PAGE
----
Arguments for Atheism - Living without religion, with a clear conscience


Atheists would claim that the naturalistic, scientific model of the universe is such a good predictor of what is observed in the real universe that no additional supernatural elements are required. Even though our knowledge of science and the workings of the universe is still woefully incomplete, it is already sufficient to paint a convincing picture of how things came about, all without the necessity of bringing in a spurious supernatural entity to fill in the gaps.
The universe that we observe has precisely the properties we should expect if there is, at bottom, no design, no purpose, no evil, no good, nothing but pitiless indifference.
- Richard Dawkins (1995)

The universe we actually observe, complete with intelligent life, is exactly the sort of universe we would expect to observe under current scientific knowledge of the natural laws. On the other hand, a theistic universe, created and ruled over by an all-powerful, all-loving god, should have features that in fact it does not, and should lack features that in fact it has. Atheistic naturalism, therefore, appears to be a better explanation than theism of the universe we actually find ourselves in.

For example, the chances of the particular chemical mix which would create life occurring in the universe by random accident are extremely small, but not zero. To use an analogy, if the odds of winning a lottery are a one in a billion chance then, if a billion people play, it is actually highly probable that someone will win it. The universe has been mixing chemicals for over fourteen billion years in over a billion-trillion star systems. The chances of absolutely nothing arising from over such a time scale and such a number of chemical interactions would have to be extremely small. And we are evidence (and, to date, the only evidence we have throughout the whole observable universe) that such an unlikely event did occur at least once.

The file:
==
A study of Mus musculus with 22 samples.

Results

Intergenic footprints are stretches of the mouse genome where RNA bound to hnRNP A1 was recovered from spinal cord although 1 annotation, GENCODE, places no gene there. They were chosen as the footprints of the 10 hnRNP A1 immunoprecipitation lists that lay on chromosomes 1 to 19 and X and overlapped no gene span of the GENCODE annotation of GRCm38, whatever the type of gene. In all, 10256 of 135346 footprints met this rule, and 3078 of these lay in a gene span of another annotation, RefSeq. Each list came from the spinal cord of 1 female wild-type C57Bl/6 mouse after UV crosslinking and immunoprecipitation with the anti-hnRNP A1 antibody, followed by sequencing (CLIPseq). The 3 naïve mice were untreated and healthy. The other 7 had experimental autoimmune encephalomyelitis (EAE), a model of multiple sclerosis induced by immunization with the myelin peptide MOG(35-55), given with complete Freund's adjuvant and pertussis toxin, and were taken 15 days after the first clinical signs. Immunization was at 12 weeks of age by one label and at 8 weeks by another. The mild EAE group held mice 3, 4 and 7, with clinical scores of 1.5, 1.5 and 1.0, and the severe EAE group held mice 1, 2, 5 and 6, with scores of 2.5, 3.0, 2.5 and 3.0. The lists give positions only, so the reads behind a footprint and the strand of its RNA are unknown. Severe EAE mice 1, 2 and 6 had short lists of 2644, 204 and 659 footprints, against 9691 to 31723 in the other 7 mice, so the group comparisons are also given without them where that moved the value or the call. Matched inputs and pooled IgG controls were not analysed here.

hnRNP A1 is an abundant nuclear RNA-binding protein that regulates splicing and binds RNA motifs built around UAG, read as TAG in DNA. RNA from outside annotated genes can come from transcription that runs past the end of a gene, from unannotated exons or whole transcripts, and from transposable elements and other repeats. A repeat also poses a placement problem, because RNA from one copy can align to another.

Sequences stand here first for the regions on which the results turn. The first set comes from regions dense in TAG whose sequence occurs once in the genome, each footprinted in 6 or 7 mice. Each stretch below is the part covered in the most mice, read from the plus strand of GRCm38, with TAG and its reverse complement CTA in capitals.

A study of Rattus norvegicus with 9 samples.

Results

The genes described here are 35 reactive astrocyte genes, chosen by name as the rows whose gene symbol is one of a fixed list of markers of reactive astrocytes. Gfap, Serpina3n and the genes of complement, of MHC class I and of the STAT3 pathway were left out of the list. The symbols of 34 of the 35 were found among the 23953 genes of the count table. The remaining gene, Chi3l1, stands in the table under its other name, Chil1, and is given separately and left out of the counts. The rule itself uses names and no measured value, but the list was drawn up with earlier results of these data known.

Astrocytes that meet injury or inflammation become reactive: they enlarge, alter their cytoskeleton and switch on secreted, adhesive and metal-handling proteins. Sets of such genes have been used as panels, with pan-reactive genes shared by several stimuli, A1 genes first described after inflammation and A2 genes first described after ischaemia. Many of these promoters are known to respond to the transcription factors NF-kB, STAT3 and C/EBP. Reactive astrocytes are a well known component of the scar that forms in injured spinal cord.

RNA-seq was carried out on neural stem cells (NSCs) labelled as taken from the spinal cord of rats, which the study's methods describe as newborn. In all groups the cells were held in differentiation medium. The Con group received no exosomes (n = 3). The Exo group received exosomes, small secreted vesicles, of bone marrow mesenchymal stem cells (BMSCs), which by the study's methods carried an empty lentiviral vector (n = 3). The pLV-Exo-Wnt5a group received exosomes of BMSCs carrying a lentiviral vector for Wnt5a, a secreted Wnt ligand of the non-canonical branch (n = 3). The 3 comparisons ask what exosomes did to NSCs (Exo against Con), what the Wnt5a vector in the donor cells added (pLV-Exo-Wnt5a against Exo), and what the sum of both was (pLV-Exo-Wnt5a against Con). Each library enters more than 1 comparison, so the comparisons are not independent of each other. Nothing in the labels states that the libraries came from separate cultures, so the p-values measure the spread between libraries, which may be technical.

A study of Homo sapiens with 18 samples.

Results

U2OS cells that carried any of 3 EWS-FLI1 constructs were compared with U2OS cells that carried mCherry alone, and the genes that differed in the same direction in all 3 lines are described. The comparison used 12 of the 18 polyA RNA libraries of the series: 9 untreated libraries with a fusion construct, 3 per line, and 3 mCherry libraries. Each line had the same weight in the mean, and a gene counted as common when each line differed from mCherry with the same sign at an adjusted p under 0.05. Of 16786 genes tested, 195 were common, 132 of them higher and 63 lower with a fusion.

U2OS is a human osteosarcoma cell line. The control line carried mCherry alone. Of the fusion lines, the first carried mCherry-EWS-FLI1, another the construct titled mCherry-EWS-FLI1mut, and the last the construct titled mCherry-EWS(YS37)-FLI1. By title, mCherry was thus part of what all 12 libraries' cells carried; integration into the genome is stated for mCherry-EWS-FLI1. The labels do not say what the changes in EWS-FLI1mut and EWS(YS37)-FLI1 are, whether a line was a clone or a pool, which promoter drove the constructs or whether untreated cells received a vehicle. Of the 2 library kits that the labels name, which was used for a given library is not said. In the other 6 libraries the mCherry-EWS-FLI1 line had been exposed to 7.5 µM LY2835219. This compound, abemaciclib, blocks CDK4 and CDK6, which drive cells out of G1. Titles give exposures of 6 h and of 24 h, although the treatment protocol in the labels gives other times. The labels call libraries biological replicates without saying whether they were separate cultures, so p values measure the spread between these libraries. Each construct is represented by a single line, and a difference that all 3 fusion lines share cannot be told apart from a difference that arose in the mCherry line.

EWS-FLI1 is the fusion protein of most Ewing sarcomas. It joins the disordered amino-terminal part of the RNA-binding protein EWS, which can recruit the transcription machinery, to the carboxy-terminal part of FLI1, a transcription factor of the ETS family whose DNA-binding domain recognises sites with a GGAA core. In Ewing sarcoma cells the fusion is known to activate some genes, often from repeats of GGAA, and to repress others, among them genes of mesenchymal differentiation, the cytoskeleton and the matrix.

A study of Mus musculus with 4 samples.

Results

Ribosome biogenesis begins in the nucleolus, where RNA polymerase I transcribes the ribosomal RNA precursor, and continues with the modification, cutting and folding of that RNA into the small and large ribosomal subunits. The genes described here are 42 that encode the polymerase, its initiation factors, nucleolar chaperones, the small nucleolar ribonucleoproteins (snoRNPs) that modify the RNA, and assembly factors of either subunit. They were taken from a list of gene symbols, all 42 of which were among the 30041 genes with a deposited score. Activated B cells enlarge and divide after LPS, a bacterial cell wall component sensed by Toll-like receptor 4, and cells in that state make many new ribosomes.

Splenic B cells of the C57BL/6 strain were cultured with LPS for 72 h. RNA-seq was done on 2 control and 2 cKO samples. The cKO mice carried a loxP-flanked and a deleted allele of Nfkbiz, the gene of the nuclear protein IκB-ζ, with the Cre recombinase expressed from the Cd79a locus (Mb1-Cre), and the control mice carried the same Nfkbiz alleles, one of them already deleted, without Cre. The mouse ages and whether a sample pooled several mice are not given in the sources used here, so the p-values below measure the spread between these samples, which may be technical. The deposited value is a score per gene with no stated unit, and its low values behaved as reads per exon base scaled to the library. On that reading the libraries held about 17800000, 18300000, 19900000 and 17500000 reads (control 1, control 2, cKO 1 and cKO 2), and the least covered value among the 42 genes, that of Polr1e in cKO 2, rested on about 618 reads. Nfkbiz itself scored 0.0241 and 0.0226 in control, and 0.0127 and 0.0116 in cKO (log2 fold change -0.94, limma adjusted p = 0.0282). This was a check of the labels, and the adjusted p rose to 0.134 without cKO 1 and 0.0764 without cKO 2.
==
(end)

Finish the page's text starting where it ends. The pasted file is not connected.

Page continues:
If we add to this the possibility that, as some scientists and philosophers believe, our universe is just one of a potentially infinite series of parallel universes in a “multiverse”, each with different natural laws, features and properties, then the chances of our particular universe occurring naturally exactly as it does obviously becomes 100%.

While we do not as yet have one definitive theory for how the mechanics of the process actually occurred, we have been able to show scientifically that the necessary ingredients were available on the primeval earth, to document how amino acids could be produced and form into self-replicating chains, to show how unintelligent natural selection can produce incredibly precise fine tuning over time, etc. A plausible naturalistic working theory therefore exists with no need of an ad hoc supernatural element.

As has been argued in more detail in the sections on the Teleological Argument and Intelligent Design, it is also difficult to understand why a designer god would have gone to the trouble of creating trillions of individual galaxies separated by billions of miles of empty space around our world (the vast majority of which is lethal to human life), establishing complex gravitational laws, complex chemical and physical processes that extend down to the infinitesimal sub-atomic level, etc, etc. Nor is it clear why he would have designed life on earth such that it follows an evolutionary path over millions of years (as the fossil record shows us), using a complex chemical code at the molecular level that copies itself and mutates naturally, rather than presenting a fully-formed fait accompli. It is too much to believe that God designed the universe to look exactly like it would have to look if God did not exist.

Everything we know about science suggests that there is no observable divine hand in nature as a causal process, and that the universe is actually dispassionate and blind, exhibiting no value-laden behaviour or message of any kind, and everything we find turns out to be the inevitable product of mindless physics. Thus, “everything works” without the need for the additional assumption of a divine presence behind the scenes of nature and, as William of Ockham realized back in the 14th Century, the simpler explanation is always preferable to a more complex one.